Bangladesh bowling needs considerable improvement

02 Jun 2010 by Mahendra Prasad in England Vs Bangladesh Test Series 2010

Bangladeshi team in Lords

Post achieving Test status over a decade back, there has been a significant improvement in Bangladesh’s cricket. However, following yet another Test defeat, the latest against England at Lord’s, one is forced to believe that they still have miles to go before being seen as a force to reckon with at an international level.

The major issue with Bangladesh’s cricket has been their inept bowling, which was exposed once again. While the spinners can come in handy on home pitches, the bowling doesn’t really make much of an impression when they go abroad.

And, this one area the Asian minnows would really have to work hard upon in the years to come, if they aim to be consistent in the longer version of the game. In both the innings at Lord’s, the English batsmen looked in no trouble at all, and eventually romped home to victory, which should worry Bangladesh no end.


In contrast, Andrew Strauss’ trouble-free half-century in the second innings only reaffirmed what the opposition’s weak link was.

Bangladesh’s bowling effort stuck out like a sore thumb more so since their batting was equally praiseworthy. Tamim Iqbal, in particular, registered an outstanding century, which clearly frustrated the English bowlers.

There were moments when Iqbal looked in total command of the innings and literally toyed with a bowling, which was more than decent by international standards. Again, like their bowling, Bangladesh have plenty of scope for improvement in their batting.


Despite the impressive eight-wicket victory margin, England also had their share of troubles amidst the glory, not least of was their inability of make an impression on the batsmen when there wasn’t must assistance from the pitch. If they can be torn apart by an average side like Bangladesh, imagine the havoc that Australia can cause on batsman-friendly pitches.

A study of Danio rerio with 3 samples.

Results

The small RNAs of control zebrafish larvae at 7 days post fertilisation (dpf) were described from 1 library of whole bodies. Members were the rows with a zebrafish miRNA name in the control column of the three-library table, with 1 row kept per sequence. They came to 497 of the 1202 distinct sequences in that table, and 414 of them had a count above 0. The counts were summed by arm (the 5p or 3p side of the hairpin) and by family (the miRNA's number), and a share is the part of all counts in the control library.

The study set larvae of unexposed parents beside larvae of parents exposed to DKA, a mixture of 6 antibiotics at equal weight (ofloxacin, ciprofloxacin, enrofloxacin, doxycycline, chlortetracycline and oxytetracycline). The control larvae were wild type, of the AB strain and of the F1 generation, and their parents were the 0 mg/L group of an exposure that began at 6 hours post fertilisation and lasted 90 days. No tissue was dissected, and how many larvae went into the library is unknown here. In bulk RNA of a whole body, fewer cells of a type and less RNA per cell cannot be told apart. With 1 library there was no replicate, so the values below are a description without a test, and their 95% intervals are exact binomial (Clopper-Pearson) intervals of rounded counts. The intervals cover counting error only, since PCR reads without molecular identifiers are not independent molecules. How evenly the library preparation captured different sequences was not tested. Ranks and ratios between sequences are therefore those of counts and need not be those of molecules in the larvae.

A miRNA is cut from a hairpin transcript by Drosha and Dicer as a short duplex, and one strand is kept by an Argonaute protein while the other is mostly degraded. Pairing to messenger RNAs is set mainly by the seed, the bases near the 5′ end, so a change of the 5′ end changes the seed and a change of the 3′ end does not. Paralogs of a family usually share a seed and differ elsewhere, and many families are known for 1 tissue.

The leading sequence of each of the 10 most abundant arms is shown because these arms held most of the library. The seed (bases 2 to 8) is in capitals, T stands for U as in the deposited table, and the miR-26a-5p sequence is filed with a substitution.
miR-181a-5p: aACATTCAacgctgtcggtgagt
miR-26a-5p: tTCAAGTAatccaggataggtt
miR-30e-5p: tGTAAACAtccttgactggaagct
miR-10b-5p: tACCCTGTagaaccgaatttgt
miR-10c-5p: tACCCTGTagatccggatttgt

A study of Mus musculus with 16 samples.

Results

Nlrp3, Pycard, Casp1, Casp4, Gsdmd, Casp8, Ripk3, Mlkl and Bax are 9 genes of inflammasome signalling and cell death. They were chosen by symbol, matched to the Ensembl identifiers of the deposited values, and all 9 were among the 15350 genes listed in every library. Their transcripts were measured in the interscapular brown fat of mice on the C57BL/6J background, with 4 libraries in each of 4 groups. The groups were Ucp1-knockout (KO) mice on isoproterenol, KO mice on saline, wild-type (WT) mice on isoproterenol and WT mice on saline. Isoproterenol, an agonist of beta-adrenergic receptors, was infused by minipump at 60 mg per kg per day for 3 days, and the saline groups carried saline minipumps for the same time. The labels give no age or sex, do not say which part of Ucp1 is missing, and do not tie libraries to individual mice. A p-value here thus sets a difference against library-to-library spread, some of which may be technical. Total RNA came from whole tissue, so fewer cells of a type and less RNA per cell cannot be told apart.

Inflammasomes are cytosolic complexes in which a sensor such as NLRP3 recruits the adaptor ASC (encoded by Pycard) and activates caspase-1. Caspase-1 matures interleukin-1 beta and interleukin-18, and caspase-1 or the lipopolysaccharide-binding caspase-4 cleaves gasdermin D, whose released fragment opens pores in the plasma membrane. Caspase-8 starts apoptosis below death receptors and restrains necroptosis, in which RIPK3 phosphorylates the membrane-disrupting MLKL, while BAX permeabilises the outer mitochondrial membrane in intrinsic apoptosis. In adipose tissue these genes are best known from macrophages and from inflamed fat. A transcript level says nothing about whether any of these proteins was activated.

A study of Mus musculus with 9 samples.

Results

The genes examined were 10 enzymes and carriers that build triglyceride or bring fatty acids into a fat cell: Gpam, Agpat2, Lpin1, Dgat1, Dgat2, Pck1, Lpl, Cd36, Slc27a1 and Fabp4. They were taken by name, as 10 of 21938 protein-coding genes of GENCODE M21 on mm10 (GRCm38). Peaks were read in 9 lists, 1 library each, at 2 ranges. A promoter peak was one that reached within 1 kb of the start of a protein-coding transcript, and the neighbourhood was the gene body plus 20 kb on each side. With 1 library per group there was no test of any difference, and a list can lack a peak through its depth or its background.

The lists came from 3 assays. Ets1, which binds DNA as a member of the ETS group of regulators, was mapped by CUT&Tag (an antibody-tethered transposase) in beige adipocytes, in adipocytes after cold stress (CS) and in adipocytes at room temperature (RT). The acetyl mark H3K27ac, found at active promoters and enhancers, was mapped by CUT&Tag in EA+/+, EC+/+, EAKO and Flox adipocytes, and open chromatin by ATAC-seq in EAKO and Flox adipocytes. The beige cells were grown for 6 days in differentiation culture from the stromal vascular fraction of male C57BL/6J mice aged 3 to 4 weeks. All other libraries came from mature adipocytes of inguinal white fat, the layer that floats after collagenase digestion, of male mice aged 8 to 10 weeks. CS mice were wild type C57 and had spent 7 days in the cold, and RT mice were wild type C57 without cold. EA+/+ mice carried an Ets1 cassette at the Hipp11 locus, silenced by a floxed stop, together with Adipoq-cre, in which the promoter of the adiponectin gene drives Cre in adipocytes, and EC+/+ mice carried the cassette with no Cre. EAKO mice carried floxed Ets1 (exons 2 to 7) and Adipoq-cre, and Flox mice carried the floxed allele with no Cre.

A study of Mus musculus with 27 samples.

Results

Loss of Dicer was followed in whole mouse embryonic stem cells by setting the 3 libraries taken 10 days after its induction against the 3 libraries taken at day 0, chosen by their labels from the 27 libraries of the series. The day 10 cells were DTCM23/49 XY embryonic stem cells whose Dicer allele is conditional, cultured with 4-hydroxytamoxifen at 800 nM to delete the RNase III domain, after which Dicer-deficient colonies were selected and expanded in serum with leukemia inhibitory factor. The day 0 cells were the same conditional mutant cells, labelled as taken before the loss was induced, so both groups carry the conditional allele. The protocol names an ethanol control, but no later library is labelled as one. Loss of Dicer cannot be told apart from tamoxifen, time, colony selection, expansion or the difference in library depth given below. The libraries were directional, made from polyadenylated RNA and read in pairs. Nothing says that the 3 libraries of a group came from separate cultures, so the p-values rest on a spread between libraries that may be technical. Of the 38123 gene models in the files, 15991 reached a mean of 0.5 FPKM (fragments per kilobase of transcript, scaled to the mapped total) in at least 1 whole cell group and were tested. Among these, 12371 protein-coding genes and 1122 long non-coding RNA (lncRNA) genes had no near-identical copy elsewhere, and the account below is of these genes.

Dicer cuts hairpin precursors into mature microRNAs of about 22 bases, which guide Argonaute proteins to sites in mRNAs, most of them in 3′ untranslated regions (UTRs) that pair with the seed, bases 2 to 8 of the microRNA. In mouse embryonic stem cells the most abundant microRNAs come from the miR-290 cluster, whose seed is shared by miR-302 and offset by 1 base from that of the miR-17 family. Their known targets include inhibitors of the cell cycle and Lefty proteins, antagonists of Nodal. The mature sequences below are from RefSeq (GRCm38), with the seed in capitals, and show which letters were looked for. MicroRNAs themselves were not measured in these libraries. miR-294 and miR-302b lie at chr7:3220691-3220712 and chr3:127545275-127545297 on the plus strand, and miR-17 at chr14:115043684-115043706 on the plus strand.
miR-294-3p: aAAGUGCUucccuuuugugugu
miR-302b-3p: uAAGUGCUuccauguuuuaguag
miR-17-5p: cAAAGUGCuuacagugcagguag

This should be a strong cause of worry for Andrew Strauss and his men as they head into the second Test. The think-tank of Andy Flower and co need to sit down and analyze how they can improve on this aspect in the coming games.


Among the positives for the home team, there were quite a few, expectedly considering the opposition was Bangladesh. Even so, Steven Finn’s nine-wicket effort on debut has to rated as a top-notch performance.

Demonstrating a Glenn McGrath-like accuracy in his first Test, Finn was unplayable under cloudy conditions, an effort reminiscent of Graham Onions during his debut last year.

While he was lethal under helpful conditions, his real test would come when the circumstances get tougher, and there isn’t enough on offer from the surface. For now though, he can enjoy his moment in the sun whilst preparing for the bigger battles ahead.

England would undoubtedly take the momentum from the win into the second Test. And, while Bangladesh can pat themselves on the back for putting up a tough fight, sooner or later, they need to realize that the transition from being brave losers to becoming competitive to the extent of winning needs to take place soon.

Else, the frustration levels of not only the cricketers, but those of the country’s fans, as well as the ICC will be tested.